A new worldwide study claims the Chinese feel most positive about self-driving cars. Brits are the most sceptical and Aussies are among the least optimistic. Less than half of Australians think they will make driving safer. Yet a CapGemini study claims how we feel about self-driving cars is mostly positive.
What we mean by self-driving cars
It’s important to clarify what we mean by self-driving car. We mean level 5 autonomy, where there is no driver at all.
Thatcham research in late 2018 found 71% of global drivers think they can buy a self-driving car today. (They named Tesla, BMW and Audi cars.) Alarmingly, 18% thought a car that automatically steers, brakes and accelerates lets them “sit back and relax and let the car do the driving”. Certainly many people don’t know about the five levels of autonomous driving.
BMW has a neat way of putting it: Level 3 is “eyes off”, level 4 is “mind off” and level 5 is “driver off”. Meanwhile, level 2 is “hands off” (though not really) and level 1 is “hands on”.
Emotions about self-driving cars
CapGemini focused on six countries (not Australia) and explored how we feel about level 5 self-driving cars. When asked about their emotional response, 59% said “anticipation” and 52% said “surprise”.
Researchers interpreted this as an overall positive response. Even so, anticipation is not a current or necessarily positive emotion. People anticipate (or are surprised about) the future, whether it brings pleasure or pain. Meanwhile, 48% said they felt “fear” and 43% said “loss of control/helplessness”.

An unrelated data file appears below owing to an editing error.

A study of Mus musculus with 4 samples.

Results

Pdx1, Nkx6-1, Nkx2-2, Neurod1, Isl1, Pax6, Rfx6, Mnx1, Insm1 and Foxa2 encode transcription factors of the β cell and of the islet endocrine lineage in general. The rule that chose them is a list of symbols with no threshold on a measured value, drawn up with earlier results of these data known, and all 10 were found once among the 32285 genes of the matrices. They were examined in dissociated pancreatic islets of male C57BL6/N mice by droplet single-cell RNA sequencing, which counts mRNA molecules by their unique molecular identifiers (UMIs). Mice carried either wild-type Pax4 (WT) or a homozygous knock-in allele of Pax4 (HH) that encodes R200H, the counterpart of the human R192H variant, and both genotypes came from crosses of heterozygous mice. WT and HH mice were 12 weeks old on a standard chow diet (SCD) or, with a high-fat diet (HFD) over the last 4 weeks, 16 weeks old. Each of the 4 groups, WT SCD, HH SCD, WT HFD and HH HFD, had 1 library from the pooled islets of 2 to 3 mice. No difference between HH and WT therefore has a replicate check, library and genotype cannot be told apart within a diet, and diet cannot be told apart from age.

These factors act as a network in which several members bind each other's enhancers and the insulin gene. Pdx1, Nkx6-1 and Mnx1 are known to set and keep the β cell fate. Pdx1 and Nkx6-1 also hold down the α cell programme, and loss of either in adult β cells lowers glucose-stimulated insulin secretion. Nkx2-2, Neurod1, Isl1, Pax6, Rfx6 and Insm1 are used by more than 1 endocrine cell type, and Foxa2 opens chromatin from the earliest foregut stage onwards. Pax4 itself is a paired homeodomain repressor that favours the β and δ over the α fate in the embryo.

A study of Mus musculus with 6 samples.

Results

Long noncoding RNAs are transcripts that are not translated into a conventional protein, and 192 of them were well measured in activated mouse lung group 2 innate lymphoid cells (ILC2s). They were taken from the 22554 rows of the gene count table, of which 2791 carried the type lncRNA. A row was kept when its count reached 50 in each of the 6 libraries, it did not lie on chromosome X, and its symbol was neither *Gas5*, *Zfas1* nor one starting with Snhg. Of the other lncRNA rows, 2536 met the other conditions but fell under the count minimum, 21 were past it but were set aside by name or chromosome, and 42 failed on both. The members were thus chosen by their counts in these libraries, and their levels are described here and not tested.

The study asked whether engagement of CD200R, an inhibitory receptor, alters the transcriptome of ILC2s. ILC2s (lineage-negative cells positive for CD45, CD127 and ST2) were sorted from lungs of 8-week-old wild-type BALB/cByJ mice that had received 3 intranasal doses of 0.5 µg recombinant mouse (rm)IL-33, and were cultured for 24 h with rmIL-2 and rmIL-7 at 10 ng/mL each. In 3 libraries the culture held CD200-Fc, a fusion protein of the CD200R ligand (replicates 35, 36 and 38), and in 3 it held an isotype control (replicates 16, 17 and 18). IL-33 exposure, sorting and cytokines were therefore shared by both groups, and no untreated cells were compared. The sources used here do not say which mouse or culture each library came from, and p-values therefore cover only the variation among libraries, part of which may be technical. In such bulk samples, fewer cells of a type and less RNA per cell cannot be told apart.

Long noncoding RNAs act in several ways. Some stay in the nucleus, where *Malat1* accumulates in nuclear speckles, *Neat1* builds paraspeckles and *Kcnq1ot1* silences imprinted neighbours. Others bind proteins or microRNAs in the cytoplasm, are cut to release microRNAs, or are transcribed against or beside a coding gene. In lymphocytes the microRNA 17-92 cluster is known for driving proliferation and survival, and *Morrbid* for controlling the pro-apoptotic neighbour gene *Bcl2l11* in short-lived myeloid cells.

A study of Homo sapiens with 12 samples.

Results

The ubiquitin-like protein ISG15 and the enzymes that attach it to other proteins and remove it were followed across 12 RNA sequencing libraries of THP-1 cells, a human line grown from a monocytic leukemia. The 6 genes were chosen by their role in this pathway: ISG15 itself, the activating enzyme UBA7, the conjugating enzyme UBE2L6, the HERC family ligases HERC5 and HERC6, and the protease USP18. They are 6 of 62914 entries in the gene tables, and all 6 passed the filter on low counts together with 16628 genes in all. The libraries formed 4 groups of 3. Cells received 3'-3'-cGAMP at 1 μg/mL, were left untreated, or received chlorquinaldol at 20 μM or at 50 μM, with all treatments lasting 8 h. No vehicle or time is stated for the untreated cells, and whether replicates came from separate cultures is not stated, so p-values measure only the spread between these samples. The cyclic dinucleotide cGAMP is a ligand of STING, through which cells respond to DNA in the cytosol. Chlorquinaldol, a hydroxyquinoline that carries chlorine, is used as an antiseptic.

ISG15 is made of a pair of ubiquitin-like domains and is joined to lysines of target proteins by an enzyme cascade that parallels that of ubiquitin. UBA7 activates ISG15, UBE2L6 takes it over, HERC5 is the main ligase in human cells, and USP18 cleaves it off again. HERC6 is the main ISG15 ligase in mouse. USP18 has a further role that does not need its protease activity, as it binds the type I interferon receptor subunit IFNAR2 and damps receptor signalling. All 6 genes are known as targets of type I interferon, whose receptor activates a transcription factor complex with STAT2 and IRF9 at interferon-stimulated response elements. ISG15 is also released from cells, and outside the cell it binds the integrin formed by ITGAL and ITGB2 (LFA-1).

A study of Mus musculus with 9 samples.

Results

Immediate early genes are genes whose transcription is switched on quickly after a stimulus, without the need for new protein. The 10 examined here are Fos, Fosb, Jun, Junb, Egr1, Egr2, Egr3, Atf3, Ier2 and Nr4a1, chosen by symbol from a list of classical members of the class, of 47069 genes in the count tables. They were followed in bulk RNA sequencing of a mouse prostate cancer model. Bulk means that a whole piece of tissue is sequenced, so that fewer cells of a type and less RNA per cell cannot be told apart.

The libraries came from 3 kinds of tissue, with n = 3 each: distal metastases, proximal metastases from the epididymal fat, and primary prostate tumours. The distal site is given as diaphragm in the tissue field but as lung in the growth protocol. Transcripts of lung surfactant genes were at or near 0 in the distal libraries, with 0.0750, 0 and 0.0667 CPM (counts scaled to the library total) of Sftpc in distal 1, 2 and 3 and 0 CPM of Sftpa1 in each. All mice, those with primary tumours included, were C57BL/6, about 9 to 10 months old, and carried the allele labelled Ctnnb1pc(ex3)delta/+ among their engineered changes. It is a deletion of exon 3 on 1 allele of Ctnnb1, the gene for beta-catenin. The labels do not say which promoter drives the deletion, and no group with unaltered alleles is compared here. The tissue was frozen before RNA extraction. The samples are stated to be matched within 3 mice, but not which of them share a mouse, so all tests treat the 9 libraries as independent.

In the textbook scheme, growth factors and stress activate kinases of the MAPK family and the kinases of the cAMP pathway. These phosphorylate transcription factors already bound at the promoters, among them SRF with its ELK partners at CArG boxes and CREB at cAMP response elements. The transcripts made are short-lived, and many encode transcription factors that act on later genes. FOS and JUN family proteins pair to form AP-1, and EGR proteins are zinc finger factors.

Among other findings, just under half of respondents would trust carmakers with their personal data. Meanwhile, car executives thought 78% of consumers would. Early adopters, the most positive group, say they would pay up to 20% more for a self-driving car. Unfortunately, many carmakers think they will be far too expensive for private ownership.
Challenges in building a self-driving car
If carmakers thought they could sell fully self-driving cars to individuals, they certainly would. Audi, Bosch, Ford, Honda and Toyota have together committed over $30 billion to developing self-driving cars.
MIT Technology Review recently noted three main challenges to building a self-driving car. It must be safe, useful and, if possible, affordable. There was nothing about how we feel about them.
In the US, one person dies for every 1 million hours of driving. Without drunk driving or texting, the rate would be much lower. A safe car should cause death, at the most, once in 10 million hours of driving. Currently, systems fail about once in every tens of thousands of hours. So they have a long way to go to be as safe as even drunk or texting humans.
There will have to be a trade-off between safety and usefulness. For example, a car can remain safe by driving very slowly. But it will not be useful because it will hinder everybody else’s journeys.
An unrelated article in the Conversation commented on usefulness. If self-driving cars are programmed never to injure or kill a human, then people could step out in front of them whenever they chose. This could end up causing chaos. If transport is supposed to efficiently move people and goods for society’s benefit, self-driving cars may be the ultimate weakness.
As for affordability, self-driving cars will be out of reach of all but the deepest of pockets. Most will be corporate-owned robo-taxis or commercial vehicles.
Many of these studies are probably aimed at finding out who will most likely use a self-driving service. For example, China will probably adopt self-driving cars before Australia. The rate of adoption will be faster in highly urbanised, affluent areas where governments and companies can finance the complex infrastructure.
How we feel about self-driving cars now is likely to change as we start to adjust to the idea. But most of us will be using self-driving vehicles as a service, not because we own one.